An Ongoing Internet Novelette
by Randy Glass - Copyright 2012 - All rights reserved


Tuesday, February 7, 2012

      Electricity is so ubiquitous in our loves we often (mostly) take it for granted. "Haven't died yet," is the basic underlying theme. But that can come back to bite you. Hard. Where it hurts. I recently had an event that, while somewhat embarrassing, is worthy of sharing to illustrate a point that might save you.
      For the warranty, the importer requires that the Vibiemme Double Domobar be plugged into a surge supressor to protect it. Whether that is a CYA reflex or a way to get the insurance coverage of the protection device to cover the damage from a surge doesn't matter. In either case, it's a good idea. I had my DD plugged into a "Prime" brand unit with pivoting outlets that was purchased as a two-pack from a warehouse membership store. It was rated at 15 amps which one would assume should be able to handle the DD. You could think that.. I did. Wrong. As it turns out, the rating that this device offers seems to be for the entire device, and so one might, without thinking assume that it could handle an appliance rated for 15 amp service. Let's take a look at where that assumption got me:

      Here is the outlet into which the DD had been plugged. As you can see, even though the supressor was rated at 15 amps, the individual outlets are not at all capable of handling that load. This happened on the first time I had decided to leave the machine on for the day because we had a guest coming over in the afternoon, about three or four hours after our morning cappa, so I just left it on. The heat in the outlet built up and melted the plastic. As you can see, the outlet is fused to the case.
      The real damage was done when this heat, over the four of five hours the machine was running, transferred into the digital timer which was plugged into the outlet. The heat melted the current-carrying wires inside.

      I have disassembled the timer (more on that in a minute) but above is the portion of it showing some of the damage. What to do?
      First step was to get a "real" protection device. I settled on the Tripp Lite Ultrablok. With a 15amp rating, its metal enclosure and standard NEMA type outlet, it is advertised as having an "Indestructible all-metal housing [that] won't crack, burn or melt." As you can imagine, that caught my eye, along with, "10,000 Dollar Ultimate Lifetime Insurance and lifetime product warranty." It plugs directly into the wall outlet and comes with a bracket that keeps it from being accidentally unplugged. It was one of the few I found rated at 15 amps. It also leaves the other wall outlet available as seen here after I installed it:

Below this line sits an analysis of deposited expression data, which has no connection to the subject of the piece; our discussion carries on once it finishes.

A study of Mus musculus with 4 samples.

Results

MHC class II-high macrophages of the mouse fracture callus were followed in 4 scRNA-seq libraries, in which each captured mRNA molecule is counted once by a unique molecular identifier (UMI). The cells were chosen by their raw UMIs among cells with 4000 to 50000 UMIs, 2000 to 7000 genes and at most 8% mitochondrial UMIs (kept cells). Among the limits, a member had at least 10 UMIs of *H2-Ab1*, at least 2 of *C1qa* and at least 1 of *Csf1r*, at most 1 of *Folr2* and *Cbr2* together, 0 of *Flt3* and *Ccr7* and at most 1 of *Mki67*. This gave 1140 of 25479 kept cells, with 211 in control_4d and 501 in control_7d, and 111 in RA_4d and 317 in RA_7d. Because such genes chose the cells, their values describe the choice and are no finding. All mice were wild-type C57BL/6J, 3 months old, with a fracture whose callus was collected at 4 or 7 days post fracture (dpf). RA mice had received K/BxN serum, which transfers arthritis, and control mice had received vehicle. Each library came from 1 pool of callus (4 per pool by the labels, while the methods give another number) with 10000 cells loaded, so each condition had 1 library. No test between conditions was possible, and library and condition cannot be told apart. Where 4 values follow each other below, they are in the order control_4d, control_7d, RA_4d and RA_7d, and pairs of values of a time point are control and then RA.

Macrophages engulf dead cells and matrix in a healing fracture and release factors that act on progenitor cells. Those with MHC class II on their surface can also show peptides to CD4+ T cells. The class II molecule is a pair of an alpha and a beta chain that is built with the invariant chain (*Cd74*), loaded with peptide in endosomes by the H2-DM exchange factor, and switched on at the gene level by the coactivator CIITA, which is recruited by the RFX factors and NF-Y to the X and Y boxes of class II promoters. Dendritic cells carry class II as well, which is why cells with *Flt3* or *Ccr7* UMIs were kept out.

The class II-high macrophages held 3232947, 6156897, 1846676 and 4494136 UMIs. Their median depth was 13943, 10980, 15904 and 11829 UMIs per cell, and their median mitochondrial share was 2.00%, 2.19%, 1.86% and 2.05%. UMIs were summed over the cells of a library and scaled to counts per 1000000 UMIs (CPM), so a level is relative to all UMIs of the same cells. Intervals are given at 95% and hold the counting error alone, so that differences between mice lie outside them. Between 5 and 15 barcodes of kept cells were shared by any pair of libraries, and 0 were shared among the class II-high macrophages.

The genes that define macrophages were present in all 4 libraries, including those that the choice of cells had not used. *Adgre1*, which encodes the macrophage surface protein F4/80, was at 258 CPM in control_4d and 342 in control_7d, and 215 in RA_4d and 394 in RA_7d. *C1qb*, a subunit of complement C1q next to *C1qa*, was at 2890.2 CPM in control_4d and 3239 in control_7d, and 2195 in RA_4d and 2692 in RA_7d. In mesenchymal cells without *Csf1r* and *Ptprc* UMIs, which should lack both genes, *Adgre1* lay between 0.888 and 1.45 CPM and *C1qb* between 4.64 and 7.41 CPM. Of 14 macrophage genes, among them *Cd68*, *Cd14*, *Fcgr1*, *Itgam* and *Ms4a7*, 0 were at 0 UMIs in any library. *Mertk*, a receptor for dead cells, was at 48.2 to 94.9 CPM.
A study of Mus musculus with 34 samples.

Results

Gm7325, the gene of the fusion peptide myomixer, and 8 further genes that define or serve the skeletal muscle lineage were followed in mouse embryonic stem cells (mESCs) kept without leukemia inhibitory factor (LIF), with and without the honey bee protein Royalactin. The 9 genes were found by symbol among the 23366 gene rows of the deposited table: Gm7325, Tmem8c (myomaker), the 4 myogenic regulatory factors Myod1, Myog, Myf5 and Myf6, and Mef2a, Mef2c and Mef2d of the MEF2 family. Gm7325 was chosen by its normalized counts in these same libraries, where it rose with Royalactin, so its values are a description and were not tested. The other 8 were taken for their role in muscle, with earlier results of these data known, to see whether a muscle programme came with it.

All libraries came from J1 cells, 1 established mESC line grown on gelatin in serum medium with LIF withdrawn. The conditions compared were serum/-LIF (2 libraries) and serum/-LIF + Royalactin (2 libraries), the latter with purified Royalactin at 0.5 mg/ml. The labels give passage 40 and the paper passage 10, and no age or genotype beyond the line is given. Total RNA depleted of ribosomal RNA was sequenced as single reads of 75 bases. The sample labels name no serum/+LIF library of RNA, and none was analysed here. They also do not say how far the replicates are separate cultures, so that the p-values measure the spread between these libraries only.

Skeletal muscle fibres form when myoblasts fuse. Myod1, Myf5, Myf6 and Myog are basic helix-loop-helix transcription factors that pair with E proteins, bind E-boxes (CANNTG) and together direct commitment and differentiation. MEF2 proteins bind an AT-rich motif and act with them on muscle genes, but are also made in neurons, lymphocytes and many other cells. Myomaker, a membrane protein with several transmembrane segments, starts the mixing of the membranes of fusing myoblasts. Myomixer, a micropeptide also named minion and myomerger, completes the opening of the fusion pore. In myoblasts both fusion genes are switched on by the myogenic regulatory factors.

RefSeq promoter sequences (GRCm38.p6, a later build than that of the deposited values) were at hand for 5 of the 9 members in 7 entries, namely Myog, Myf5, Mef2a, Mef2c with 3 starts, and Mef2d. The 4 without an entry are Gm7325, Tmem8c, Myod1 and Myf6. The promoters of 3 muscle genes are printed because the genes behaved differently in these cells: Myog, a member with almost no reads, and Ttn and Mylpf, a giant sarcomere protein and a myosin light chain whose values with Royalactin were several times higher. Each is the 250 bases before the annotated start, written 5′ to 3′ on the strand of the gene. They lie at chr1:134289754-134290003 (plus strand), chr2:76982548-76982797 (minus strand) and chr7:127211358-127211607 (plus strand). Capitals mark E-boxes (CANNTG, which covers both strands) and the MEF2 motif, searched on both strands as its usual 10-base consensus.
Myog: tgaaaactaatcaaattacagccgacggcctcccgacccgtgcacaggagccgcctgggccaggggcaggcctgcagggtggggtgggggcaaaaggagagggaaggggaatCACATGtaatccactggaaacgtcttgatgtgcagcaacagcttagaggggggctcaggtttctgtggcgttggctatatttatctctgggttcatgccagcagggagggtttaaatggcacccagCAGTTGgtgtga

But what to do about the damaged timer. I had bought two when they were being closed out at our local Grocery Outlet, so I plugged the spare into the wall until the Tripp Lite arrived. But the base of the damaged timer where it plugs into the outlet had melted so badly it was no longer usable. I opened it and there was quite a bit of damage and the odiferous aftermath of toasted wires filled the air. Hmmm... But it was still working- at least the timer and clock were. So here's what I did:

      I took the main board which held the battery backup as well as the relay and related electronics that operated the circuit to turn the controlled device on and off and mounted that in an old multi-outlet, industrial two-gang box seen above.
(A) is the 5-lead control wire from the main board to the control head
(B) is the power feed and plugs into the Tripp Lite Ultrablok
(C) is the DD's power cord plugged into a switched outlet
(D) I removed one of the duplex outlets and that left plenty of space inside for the electronics and wiring. The hole left from the removed outlet was covered with something I had saved and seemed quite appropriate.
      But how to deal with the control unit? It was off to the thrift store.

I found a gooseneck reading lamp,
removed the lamp portion at the end of the neck,
and here's what I ended up with.

      I stripped the works out of the timer's case and took a "slice" out of the middle to remove the melted areas of its plastic enclosure. I superglued it back together making a more compact "head" to hold the display and control buttons. Sitting up on the coffee cart it is now more easily accessed and the red power light can be seen from across the room. Functional and unique.

      So, a moral - It should be obvious. If you are using a high current-draw appliance, it is not only best to isolate it on its own circuit if possible, but be sure that if using extension cords or a surge supressor of any type, be sure that they are rated to handle the current. I got lucky in that there was no fire, and when it failed I was home to deal with it. Don't rely on luck.